Hans M. Zell, Cecile Lomer. The African Studies Companion: A Resource Guide and Directory. London: Hans Zell Publishers, 1997. xi + 292 pp. $85.00 (cloth), ISBN 978-1-873836-41-5.
Reviewed by Pauline D. Manaka (University of California, Irvine)
Published on H-Africa (October, 1997)
This is a timely reference publication for quick and easy access to current information on African Studies. The expanded and revised version of the 1987 edition of The African Studies Companion provides annotated listings of major reference tools, including current bibliographies and continuing sources; journals and magazines; major libraries; publishers with African studies lists; dealers and distributors of African studies materials; the major regional and international organizations (p. xiii). It also gives listings of foundations active in Africa, professional associations, societies, academic and literary awards.
It comprises eleven sections, carefully broken into subsections according to geography and specialization. Section I brings together a large number of key reference tools, primarily written in English, organized from a broad international perspective. The subsection on "general interest" lists, for instance, sources on name origins, a common reference question asked in academic and public libraries. Other noteworthy items include a category on dealers and distributors' catalogues, a list of electronic journals, indicated by a computer symbol, Israel added as a country and cross references to other reference sources for additional information.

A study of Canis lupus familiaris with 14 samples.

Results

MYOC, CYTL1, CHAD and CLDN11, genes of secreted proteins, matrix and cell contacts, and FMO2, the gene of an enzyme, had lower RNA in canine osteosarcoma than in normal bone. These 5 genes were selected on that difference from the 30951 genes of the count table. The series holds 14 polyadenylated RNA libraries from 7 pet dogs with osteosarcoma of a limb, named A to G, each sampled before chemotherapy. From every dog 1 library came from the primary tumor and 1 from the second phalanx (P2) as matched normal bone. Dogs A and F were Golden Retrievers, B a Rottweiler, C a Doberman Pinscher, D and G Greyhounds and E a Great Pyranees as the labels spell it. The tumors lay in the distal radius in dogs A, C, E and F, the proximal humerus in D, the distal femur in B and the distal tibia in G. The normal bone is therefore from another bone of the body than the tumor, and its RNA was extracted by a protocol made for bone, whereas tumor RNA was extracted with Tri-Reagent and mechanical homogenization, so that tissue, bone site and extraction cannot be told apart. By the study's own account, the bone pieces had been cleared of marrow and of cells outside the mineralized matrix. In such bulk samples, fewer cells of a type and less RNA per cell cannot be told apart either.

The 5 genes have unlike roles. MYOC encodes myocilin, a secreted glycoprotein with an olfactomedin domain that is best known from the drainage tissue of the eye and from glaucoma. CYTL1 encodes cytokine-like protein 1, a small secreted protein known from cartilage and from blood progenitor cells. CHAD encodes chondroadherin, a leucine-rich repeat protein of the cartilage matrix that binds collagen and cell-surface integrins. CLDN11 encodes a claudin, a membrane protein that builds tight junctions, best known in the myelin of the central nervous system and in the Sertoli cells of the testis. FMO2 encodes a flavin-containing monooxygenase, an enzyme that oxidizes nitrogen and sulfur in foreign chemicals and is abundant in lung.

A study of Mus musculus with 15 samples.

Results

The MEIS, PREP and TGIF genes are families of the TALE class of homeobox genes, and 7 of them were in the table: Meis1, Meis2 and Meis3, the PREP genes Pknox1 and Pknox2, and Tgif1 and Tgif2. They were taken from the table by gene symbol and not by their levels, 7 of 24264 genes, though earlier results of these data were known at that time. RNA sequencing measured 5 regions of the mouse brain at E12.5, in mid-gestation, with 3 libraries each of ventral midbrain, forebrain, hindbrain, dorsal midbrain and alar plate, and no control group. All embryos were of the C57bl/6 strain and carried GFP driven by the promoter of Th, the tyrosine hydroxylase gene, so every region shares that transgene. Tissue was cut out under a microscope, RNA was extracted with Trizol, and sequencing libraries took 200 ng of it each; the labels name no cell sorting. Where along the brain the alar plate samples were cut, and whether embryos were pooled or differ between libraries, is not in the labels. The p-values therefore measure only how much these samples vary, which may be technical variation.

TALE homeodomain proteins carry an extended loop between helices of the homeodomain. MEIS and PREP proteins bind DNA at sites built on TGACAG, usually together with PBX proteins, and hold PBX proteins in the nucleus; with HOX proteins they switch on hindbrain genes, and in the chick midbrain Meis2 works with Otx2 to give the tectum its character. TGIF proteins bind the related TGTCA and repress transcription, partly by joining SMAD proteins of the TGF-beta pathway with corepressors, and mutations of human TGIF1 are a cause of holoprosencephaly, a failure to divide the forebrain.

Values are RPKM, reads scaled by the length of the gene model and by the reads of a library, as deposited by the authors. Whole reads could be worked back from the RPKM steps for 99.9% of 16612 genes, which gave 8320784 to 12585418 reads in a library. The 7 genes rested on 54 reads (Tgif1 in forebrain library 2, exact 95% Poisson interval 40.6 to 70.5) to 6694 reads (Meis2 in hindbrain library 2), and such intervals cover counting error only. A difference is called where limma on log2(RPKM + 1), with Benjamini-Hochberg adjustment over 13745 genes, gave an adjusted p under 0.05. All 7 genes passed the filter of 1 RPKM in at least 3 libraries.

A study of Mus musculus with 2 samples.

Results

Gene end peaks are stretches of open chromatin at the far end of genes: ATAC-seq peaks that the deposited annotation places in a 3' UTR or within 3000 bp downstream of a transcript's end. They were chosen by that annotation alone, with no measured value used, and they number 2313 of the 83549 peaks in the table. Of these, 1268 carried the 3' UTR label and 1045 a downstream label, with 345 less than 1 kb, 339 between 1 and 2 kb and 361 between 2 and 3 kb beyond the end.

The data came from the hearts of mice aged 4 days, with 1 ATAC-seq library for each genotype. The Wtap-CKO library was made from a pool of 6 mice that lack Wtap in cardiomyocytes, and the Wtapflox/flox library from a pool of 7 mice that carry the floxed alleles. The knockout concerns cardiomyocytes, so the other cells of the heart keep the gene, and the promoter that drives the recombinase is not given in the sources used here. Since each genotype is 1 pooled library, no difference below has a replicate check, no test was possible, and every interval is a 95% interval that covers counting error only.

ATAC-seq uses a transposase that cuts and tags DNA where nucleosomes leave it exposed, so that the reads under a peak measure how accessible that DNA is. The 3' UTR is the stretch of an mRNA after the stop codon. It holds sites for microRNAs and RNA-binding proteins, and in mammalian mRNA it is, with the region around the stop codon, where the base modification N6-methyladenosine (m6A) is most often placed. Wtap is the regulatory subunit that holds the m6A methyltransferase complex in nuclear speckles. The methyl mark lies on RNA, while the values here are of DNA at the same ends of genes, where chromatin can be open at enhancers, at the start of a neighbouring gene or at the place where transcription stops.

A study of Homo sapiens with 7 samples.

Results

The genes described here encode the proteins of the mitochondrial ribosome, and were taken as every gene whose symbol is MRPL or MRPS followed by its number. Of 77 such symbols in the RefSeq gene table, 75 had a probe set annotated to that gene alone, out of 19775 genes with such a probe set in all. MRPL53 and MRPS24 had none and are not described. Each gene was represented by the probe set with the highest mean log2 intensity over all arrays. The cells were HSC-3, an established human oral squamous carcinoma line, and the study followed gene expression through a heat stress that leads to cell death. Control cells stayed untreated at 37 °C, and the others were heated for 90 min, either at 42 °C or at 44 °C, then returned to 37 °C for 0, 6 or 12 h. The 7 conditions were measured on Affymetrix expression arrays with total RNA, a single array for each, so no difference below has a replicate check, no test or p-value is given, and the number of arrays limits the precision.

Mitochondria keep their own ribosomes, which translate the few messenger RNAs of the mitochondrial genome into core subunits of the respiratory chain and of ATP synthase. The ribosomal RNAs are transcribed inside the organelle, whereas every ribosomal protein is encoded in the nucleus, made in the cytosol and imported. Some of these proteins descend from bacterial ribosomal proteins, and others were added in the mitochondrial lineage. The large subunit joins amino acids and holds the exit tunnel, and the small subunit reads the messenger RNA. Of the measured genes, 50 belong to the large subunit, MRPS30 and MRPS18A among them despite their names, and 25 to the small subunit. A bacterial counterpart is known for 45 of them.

With 250+ new entries and a detailed subject index, the African Studies Companion provides quick answers to many questions for librarians, scholars and others on African studies bibliography. The compact size and thoughtful structure of this volume makes it aesthetically appealing to users. The substantial revisions of all sections provide a wider range of current sources as well as detailed annotations. These revisions include additions of libraries and organizations from more nations, the inclusion of new services, such as website URLs and e-mail addresses, new abbreviations, such as OPAC [on-line access catalog] and references to fax numbers and international dialing codes for easy contact of publishers, libraries and organizations. The use of a symbol which indicates information that has not been updated is honest.
The methodology for gathering data using questionnaires is acknowledged for its weakness, response rate and accuracy [Turfan, 1990]. In order to verify and update information, the authors have relied on other publications as well as responses to questionnaires. Bibliographers seeking to develop a collection in African Studies should find this an extremely valuable tool which meet the high standard expected of a Hans Zell publication [Turfan,1990]. Users of large and small libraries of all types can count on finding this work helpful as a desktop companion for African Studies. The 1989 edition was ranked #1 reference source by CHOICE, and this new edition is also an outstanding resource. The expanded and revised version of The African Studies Companion has met the challenge to provide details needed by the worlds top research centers and institutions in the African Studies field [Kimble, 1991]. The improvements make it a valuable state of the art reference tool!
. Turfan, Barbara. Journal of African History. v31, n3 (August, 1990): 521.
. Books in Print; OCLC Firstsearch Database on Melvyl System, 1997.
. Turfan, Ibid.
. Kimble, Helen. Journal of Modern African Studies. v29, n4 (Dec, 1991): 718-720.